Then you got to start watching out for the brown acid, know what I'm saying? People freaking out and the stories start coming around. Then you get a [Charles] Manson and everything was all of a sudden Jesus Freaks. You can tell when something's being thrown into the game. And I'd hate for Funk to get to that point where folks start doing that.
Do you feel like you've been unsung, or typical of the acts that have been on the TV show "Unsung?"
No, I don't feel like I've been unsung, and I don't feel typical, either. We agreed to do the show 'cause we're trying to get a word out on behalf of the band members and all the writers of the group. We have a lot of stuff out, a lot of stuff that's been sampled. Of course, millions of dollars have been made, but band members have not been getting the money for it. There's something called royalty-free usage of our material. That's how they're using it. Universal made deals with the publisher, which is Bridgeport Music.
We have a long history of not getting paid from Bridgeport Music. Just recently Gary Shider passed away, and his whole family had to sign away rights to this guy [Armen Boladian] just to get money so they could save Shider's house just before he died. I mean this guy's been doing this stuff for some time.
So we did this "Unsung" because we figured this was a way that we could at least tell some of the story. Everybody knows the history, a lot of the paperwork is bullshit and the paper trail leads nowhere. But the fact that somebody went through all of that effort to [falsify] all of these papers is enough to let people know that all of this money's out there.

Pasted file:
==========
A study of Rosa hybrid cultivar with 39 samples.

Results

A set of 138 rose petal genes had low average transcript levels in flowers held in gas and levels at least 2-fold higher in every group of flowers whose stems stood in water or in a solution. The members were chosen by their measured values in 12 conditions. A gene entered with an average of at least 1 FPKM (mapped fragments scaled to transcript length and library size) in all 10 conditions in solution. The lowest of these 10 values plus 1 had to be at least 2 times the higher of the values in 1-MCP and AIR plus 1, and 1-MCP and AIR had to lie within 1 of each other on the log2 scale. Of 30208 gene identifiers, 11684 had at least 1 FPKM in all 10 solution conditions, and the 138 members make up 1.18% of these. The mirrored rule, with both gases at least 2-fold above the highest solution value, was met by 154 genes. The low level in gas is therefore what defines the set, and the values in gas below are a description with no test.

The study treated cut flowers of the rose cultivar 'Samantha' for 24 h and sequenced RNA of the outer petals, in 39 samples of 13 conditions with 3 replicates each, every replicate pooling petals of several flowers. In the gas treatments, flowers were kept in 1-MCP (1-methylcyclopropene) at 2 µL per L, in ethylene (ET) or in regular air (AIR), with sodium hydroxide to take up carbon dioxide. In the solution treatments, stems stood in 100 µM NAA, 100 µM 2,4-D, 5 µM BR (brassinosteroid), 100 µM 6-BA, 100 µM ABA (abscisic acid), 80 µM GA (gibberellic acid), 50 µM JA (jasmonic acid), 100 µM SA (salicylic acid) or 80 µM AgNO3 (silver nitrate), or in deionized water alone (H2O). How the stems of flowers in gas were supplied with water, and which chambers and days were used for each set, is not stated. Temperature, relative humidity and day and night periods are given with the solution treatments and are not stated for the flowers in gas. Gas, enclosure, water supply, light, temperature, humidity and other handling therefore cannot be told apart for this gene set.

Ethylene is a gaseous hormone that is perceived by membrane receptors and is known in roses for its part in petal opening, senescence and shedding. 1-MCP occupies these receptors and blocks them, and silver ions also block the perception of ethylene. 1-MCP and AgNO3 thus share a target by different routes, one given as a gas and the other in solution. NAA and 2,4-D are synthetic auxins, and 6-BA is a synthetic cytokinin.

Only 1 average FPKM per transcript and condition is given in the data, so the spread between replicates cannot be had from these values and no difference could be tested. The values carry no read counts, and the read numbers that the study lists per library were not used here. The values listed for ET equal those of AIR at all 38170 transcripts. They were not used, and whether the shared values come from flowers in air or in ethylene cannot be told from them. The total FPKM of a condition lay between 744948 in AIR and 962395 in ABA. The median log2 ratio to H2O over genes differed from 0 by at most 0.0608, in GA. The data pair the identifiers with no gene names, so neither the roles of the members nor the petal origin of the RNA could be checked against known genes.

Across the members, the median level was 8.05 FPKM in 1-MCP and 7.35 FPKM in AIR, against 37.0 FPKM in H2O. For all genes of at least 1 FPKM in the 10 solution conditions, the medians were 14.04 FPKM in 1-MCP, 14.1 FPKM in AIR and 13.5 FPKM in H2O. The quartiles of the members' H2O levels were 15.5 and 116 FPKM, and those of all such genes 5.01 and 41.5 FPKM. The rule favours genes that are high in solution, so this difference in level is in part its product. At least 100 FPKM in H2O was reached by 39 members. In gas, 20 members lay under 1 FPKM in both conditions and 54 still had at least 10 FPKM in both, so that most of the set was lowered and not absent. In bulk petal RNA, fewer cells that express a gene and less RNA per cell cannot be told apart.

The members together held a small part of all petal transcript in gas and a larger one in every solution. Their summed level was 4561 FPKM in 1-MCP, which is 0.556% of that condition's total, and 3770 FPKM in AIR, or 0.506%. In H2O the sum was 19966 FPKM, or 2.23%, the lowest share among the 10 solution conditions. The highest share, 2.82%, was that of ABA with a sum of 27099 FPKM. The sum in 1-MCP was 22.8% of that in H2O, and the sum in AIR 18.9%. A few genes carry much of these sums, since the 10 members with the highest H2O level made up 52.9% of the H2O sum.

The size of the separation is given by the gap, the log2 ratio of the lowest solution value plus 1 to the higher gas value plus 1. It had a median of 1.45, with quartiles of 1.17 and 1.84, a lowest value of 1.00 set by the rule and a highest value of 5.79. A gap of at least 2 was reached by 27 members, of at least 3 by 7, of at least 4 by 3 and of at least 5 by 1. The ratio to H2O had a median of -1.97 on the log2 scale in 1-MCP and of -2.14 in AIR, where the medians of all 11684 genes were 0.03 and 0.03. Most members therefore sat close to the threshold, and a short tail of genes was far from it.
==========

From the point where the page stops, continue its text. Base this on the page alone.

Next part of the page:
So tell me about this album that you're working on?
We're putting together a box set. And we also have all the stuff that we've been working on since we've been working on this case. It's gonna be kinda late, but we're gonna have some of this stuff available for download. Some of it's going to be available for Christmas. But it's going to be all the stuff that we've been working on over the years that didn't come out. A lotta new stuff that we're recording right now. A lotta stuff me and Sly are doing right now. And a couple of albums that's hot as hell, and we're catching hell, like I say, from them record companies that are trying to block it.
Tell me about the stuff that you're doing with Sly right now?
Oh, that's some baaad shit. Really good stuff. I do something on it, he'll do something on it. And we were doing a lot of stuff for hip-hoppers, we're doing hooks and thangs to throw something on it. The one person that we're really trying to hook up with is Mystikal. We wrote some hooks for him, and some songs with us and him. But Sly is coming with some insane ass songs.
Do you still remember the first time you got introduced to Sly?
What was that like?
There's a book out about it. Matter fact, I think I did the forward to the book [I Want to Take You Higher: The Life and Times of Sly and the Family Stone]. The first thing I say is David Kapralik, who used to be our and Sly's manager, took me to see him at the Electric Circus in New York. You get that, you'll see what it was like.
I think I did read that. Those were some wild times.